Griffiths, Rita; Wood, Marsha; Bennett, Fran; Millar, Jane

ZSUniversal Credit is a fundamental reform of means-tested working age benefits in the UK, replacing six benefits and tax credits with one monthly payment per individual or couple. It aims to simplify benefits, reduce administrative costs and fraud and error, and tackle poverty by improving take-up and increasing employment. Its rollout has been repeatedly delayed and beset by controversy.

Universal Credit removes the distinction between being in and out of paid work and imposes work conditionality requirements on most claimants, including – for the first time – many partners in couples with children, and people in work on a low income. The first stages of the rollout involved single people, meaning that we know less about the experiences of couples on Universal Credit – in relation to either issues with an impact on all claimants, or those specific to couples. This research helps to fill that gap.

The Research and the Report

Our research, entitled Couples balancing work, money and care under the shifting landscape of Universal Credit, is a three-year (2018–2021), two phase, longitudinal qualitative study conducted by the Institute for Policy Research (IPR) at the University of Bath and the University of Oxford. The research explores how couples deal with work, care and money in the context of Universal Credit. This report sets out findings from phase 1, conducted between 2018 and 2020, focusing on design and payment. Our analysis draws on the experiences and views of our 90 interview participants to identify issues relevant to couples, especially in accessing benefit and managing and negotiating their finances. Participants will be interviewed again in 2020 about how life has changed and how well the system has responded.

Analysis and modelling of the impact of Universal Credit have often focused on gains and losses in entitlement for different groups compared to the ‘legacy’ system. But in addition to the amount of Universal Credit its rules and conditions, and how it is designed and paid, also affect people’s lives. Research has also tended to treat the household as an undifferentiated unit. Our interviews with couples instead explore how both partners responded to different aspects of Universal Credit.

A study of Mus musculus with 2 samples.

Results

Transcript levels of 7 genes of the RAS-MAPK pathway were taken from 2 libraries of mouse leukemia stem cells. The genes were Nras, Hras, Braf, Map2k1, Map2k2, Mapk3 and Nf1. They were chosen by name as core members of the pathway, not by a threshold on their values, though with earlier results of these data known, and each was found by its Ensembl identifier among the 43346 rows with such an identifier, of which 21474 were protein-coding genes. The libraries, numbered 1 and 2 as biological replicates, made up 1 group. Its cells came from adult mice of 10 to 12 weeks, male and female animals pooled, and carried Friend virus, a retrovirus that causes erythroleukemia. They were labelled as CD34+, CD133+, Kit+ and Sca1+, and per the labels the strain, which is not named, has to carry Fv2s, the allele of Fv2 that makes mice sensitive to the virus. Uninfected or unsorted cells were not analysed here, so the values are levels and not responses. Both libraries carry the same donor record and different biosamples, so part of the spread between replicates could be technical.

Research and reports based on ‘lived experience’ have concentrated on more vulnerable groups, especially those on the lowest incomes and reliant on Universal Credit as their main income, and claimants experiencing difficulties. Our varied recruitment methods resulted in a diverse sample, including many claimants in paid work or recently employed. Many had claimed Working Tax Credit and some had incomes at the upper end of Universal Credit eligibility. They had not generally approached organisations for help or advice on problems. This report is thus based on a more varied group of claimants and labour market situations, reinforcing but also augmenting previous findings. Our fieldwork was before the unprecedented surge in applications to Universal Credit due to the economic impact of the COVID-19 pandemic. The pool of claimants is being significantly widened in this context, and so will include more diversity, making this research even more relevant.

The report is based on thematic analysis of individual and joint interviews with partners in couples (with and without children) who had claimed Universal Credit jointly. Some interviews also took place with single claimants and lone parents who had previously made joint claims with partners for Universal Credit and/or tax credits. Participants had received Universal Credit for over six months, so were experiencing its longer-term rather than initial effects.

123 individual and joint face to face interviews were conducted with 90 research participants in 53 households between June 2018 and January 2019, in four areas in England and Scotland that were amongst the first to roll out Universal Credit Full Service. Participants had a range of previous work and education experiences, and some were affected by mental or physical ill-health or disability. At the time of interview, in just over half of the 53 households (29) there was no-one in work, while just under half (24) had at least one earner. For 31 households, Universal Credit was the main income source. Of the 41 couples ten were dual-earner, 13 were one-earner and 18 had no earners. 30 couples had dependent children. There were nine lone parents and three single claimants. Only 12 couples were married, and there were several ‘blended’ families and step-families. All interviewees described themselves as white. All couples were female/male.

The second file is the technical and methodological report which accompanies the report on phase 1 of the project Couples Balancing Work, Money and Care: Exploring the Shifting Landscape Under Universal Credit, funded by the Economic and Social Research Council (ESRC (ES/R004811/1) for three years, March 2018 to March 20211 (https://www.bath.ac.uk/publications/uncharted-territory-universalcredit-couples-and-money/). This technical report has three main sections: the first summarises the research design and methodology; the second presents characteristics of the interviewed sample; and the third includes the information and consent documents.